This Friday the pupils, teachers, families and many past pupils of Dualla National School will celebrate the opening of the new school.
As they look forward to that day The Nationalist shares some memories of teaching at Dualla National School.
Duíche Áille, “land of beauty,” is one of the Irish translations for Dualla, the other being “The land of cattle”, presumably because of its fertile limestone land where cattle thrive. There is no doubt that Dualla is indeed a land of beauty. On the approach from Cashel, the first view you get of it is from the hill at Ballykelly. Much of the area spreads out before you in a valley of its own. The village itself nestles between the Kill Hills to the east with its ancient settlements of forts and the famine village, and the beautiful wooded Mount O’Meara to the rear.
This is where I was so lucky to find myself teaching after moving from the hustle and bustle of London almost 13 years ago with our young family.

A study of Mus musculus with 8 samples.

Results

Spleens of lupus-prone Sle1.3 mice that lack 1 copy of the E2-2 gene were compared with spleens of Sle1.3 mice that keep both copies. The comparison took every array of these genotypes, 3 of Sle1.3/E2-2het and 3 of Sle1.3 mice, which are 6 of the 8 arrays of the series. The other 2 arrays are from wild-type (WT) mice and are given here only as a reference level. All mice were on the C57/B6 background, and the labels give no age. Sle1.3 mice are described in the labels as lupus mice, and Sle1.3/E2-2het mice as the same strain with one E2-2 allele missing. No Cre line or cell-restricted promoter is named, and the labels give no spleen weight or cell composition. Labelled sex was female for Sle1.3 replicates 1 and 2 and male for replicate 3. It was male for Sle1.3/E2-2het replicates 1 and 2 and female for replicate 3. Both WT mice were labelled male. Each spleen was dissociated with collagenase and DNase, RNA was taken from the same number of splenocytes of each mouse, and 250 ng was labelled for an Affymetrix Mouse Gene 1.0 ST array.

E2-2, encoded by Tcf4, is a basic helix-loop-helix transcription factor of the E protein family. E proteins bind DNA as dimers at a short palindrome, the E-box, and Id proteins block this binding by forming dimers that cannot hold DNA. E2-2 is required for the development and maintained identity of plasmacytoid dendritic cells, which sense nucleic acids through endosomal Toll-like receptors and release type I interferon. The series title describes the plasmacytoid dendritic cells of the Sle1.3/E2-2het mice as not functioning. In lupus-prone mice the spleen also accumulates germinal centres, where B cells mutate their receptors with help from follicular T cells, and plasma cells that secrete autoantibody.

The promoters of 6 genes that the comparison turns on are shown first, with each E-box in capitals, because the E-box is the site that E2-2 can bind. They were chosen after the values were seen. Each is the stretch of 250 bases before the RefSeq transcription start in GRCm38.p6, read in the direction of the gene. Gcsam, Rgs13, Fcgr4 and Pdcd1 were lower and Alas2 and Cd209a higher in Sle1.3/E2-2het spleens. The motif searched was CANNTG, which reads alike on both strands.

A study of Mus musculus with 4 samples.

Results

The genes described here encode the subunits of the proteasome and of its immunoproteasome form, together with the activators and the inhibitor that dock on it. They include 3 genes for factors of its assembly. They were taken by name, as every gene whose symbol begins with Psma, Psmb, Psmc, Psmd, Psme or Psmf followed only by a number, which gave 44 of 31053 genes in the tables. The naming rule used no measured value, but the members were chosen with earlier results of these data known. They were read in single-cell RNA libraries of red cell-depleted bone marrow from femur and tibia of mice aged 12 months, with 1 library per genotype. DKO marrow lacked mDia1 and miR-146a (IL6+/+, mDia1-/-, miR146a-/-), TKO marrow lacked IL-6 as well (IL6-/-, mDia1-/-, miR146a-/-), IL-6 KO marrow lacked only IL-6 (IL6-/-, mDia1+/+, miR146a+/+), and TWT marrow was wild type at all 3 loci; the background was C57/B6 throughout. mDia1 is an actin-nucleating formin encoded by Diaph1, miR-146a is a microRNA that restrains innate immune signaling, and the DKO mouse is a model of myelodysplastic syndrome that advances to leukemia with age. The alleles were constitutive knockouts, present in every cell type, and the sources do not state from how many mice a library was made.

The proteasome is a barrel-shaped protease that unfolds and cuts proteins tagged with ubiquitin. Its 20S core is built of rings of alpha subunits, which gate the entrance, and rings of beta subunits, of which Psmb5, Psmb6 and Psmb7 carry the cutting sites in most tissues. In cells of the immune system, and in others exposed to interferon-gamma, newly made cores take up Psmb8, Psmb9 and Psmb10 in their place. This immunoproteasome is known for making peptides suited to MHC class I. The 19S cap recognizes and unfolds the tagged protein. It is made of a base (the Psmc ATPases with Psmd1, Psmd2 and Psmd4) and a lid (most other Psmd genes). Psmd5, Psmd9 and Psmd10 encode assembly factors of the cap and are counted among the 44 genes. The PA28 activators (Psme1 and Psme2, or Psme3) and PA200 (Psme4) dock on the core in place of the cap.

The school was a two classroom school, staffed with just the master and I, I being referred to as the mistress. Our small school had a large playing pitch to the rear, which was, as in every school, zealously guarded by the older kids, with access only sanctioned to new kids when they graduated to “the Masters Room.” A grassed area to the front served as the junior children’s football pitch, with a slab of concrete for hunts or skipping or whatever games were fashionable.
Read this article in full in this week’s Nationalist - on sale tomorrow!